Tuesday, September 29, 2009

Facebook Poll

Very recently, a third party facebook poll popped up asking if president Obama deserved to be killed. The answers possible were Yes, No, Maybe, and Yes If He Cuts My Health Care.

Obviously, this poll is just another poll written by someone who both dislikes and misunderstands (or wants others to misunderstand) Obama's health care plan, likely written as a response to other polls on facebook that may argue a different way (in a much more extreme way). Because of its somewhat inappropriate implications, facebook removed the poll as soon as it was notified. Additionally, the user who created the poll was suspended from the web site.

Personally, I don't find this sort of web offense that serious, as I've seen way too many absurd goings-on on the internet to consider this significant.However, what interested me is that the US Secret Service is getting involved in researching the origin of the poll, in order to make sure there is no threat to the president's life.

What I think is strange about putting resources towards investigating a facebook poll is that there is a lot of anti-Obama media that makes similar harsh claims about the president's policies. Because of peoples' increased worry of what changes might come with Obama's presidency, and media misinformation, a bit of panic is understandable among some groups people.

At some Obama protests, there have been some incidents where some individuals protesting have signs with equally ludicrous or desperate claims or charges about the president, but typically these sorts of things are not looked in to specifically because they are understandable occurrences or perhaps thought of as unimportant.

Overall, the news story made me wonder, why is this expression of an idea treated differently for being on the internet? Does it being on the internet make it more potentially threatening? Should it be treated as seriously as an inflammatory poster or slogan, or does something about it make it more serious?


  1. I think the thing about the internet is that we all believe what we say is anonymous and not that it's worse but that it's more secretive. If someone has a sign the police can take the person from the protest on the spot. But when its on the internet it takes investigating and anything that involves more work tends to be thought of as more serious, generally obviously. Also with assinations in the past and the heightening of sercuirty in every aspect of all of our lives, it only seems normal that the President's security is heightened as well. It's probably just standard procedure anything with that kind of the a threat is going to be checked up on quite quickly.

  2. I find it ridiculous that someone would waste his or her time with coming up with such a hateful poll. For gosh sakes, Americans need to learn how to voice opinions without being unintelligent about it! There are so many more compelling ways to communicate disagreement rather than resorting to such threatening words. No matter how "panicked" these groups are or claim to be, there is never an excuse for threatening death to anyone (let alone an important leader!).

  3. Yeah. On one hand I kind of like the saying, "The internet is not serious business," which is a sort of sarcastic quote claiming that a lot of the bizarre or terrible things that show up on the internet tend to end up being teenagers joking around and are posted with the intention of them not being taken seriously. But some "jokes" are not funny at all, some people posting hoax bomb threats or making (perhaps empty, but potentially scary) threats against individuals or families whose contact information is tracked down by groups of people. Things like cyberbullying have very serious outcomes, as well, although cyberbullying may be different from merely a mean-spirited, pranking, profane, or critical message, depending on how you look at it.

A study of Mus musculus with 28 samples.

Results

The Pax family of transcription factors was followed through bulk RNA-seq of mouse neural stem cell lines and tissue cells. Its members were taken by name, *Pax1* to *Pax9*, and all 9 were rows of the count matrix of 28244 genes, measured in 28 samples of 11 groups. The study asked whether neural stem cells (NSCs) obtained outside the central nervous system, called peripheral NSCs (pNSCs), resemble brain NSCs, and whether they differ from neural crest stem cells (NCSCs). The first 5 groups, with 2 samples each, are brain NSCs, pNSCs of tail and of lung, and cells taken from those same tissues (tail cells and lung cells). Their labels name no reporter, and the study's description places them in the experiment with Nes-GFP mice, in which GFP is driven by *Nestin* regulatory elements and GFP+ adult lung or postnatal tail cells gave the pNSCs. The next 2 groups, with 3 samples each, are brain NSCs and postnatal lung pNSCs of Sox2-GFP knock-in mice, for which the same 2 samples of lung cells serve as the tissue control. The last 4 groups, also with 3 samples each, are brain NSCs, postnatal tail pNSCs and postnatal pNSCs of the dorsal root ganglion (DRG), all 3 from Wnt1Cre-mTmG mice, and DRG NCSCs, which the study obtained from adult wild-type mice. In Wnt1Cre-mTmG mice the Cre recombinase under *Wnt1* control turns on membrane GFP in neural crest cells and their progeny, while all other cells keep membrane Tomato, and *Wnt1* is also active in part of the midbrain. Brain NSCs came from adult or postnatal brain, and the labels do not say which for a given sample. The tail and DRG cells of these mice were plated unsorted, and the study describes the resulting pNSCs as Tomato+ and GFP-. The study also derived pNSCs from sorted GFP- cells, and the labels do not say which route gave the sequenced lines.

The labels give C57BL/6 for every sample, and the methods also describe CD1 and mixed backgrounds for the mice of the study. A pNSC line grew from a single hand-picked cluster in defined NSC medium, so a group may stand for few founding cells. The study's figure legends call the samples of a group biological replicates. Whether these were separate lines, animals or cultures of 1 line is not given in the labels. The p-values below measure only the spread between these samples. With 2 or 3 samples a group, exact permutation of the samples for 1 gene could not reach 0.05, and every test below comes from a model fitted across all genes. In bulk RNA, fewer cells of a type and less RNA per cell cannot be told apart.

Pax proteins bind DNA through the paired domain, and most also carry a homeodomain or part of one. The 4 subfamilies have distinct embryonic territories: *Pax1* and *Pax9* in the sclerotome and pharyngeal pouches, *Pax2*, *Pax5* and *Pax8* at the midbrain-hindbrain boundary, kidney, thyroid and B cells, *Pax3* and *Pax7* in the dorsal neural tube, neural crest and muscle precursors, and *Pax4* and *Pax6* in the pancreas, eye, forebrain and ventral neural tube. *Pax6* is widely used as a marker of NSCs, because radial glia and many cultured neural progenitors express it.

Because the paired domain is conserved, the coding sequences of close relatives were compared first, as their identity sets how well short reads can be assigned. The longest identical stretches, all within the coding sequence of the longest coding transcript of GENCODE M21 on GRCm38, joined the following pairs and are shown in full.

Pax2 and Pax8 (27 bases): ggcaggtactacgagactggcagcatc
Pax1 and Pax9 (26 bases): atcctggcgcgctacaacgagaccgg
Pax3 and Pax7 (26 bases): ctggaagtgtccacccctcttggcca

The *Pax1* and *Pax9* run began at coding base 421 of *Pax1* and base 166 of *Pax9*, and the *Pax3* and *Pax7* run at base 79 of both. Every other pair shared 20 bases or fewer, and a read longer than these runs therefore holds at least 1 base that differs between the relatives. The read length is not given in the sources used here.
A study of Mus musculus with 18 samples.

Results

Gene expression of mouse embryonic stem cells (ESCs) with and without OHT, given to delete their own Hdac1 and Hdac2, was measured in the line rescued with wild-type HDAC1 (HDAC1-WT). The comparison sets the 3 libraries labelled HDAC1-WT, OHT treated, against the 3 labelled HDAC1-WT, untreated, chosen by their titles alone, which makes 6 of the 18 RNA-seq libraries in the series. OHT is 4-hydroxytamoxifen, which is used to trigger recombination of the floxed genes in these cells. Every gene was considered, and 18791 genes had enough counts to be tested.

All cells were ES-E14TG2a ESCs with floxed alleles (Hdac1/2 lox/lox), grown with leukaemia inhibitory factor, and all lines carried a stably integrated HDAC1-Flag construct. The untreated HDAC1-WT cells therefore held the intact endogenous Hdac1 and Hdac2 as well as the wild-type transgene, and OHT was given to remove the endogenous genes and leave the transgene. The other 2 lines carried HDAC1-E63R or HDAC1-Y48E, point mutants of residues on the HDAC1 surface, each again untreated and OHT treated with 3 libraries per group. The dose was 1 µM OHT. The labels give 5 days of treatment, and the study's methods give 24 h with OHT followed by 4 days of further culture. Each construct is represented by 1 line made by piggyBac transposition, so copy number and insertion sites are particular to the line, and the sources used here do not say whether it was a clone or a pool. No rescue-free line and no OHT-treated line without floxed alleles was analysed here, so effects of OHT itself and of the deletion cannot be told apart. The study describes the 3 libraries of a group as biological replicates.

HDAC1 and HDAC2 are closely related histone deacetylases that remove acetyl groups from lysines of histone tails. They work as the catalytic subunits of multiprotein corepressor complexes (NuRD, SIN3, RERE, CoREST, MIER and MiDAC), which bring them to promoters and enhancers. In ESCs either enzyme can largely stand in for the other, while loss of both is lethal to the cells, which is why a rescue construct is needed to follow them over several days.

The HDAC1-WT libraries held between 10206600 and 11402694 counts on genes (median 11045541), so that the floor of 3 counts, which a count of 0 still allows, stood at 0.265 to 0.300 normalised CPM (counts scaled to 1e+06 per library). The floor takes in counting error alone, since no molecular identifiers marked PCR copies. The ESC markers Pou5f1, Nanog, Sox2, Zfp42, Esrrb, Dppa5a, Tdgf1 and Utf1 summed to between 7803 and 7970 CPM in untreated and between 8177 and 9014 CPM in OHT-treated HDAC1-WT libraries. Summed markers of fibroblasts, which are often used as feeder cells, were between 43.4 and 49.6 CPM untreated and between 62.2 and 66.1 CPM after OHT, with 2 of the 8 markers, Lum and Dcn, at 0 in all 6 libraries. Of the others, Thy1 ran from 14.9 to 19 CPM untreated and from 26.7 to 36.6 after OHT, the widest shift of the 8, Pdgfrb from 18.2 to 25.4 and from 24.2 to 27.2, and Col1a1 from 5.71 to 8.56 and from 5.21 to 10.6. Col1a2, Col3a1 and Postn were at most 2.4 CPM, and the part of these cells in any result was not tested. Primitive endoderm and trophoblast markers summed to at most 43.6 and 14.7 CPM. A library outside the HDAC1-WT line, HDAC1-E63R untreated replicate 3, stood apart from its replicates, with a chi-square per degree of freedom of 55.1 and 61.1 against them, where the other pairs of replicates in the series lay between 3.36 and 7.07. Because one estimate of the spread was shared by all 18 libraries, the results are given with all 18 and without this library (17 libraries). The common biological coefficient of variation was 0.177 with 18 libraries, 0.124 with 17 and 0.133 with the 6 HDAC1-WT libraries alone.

What I think is kind of confusing is where the line is drawn. What's the difference between cyberbullying and a highly critical message or an internet prank? With a recent increase in cyber crimes against US intelligence, how much should we distinguish between 'jokingly' suggesting something dangerous and an actual threat?

    What should be ignored and what should be prosecuted? I agree with Morgan that something about the president is wise to look into, in many ways, but what about similar sentiments that are equally inappropriately expressed in other parts of the internet-- how do we make a facebook poll out to be more serious than a comment on a blog or web site elsewhere?

  4. I think things on-line are taken more seriously because they are more visible, especially website like Facebook. Even if the poll-writer had no intention of causing Obama any physical harm, he/she could have put the idea in a more violent person's head. Many people will never have certain ideas without outside exposure to them.

    Also, we hear more about investigation into things that happened on-line, because so many people are on-line and see the threats. If you have some idea what is going on, you are more likely to pay attention when you hear about an investigation into it.

  5. Hi Michelle,

    Great to see a lively discussion regarding your post. In the future, think of how you might more tightly focus this writing -- you actually cover a lot of ground, including speech at rallies, but with no specifics. You said, "there have been some incidents...", but without an example, we are left wondering whether these "incidents" threatened the life of the President?

    Remember, according to your linked article, the Secret Service is required to investigate these threats, no matter how trivial these FB posts may seem.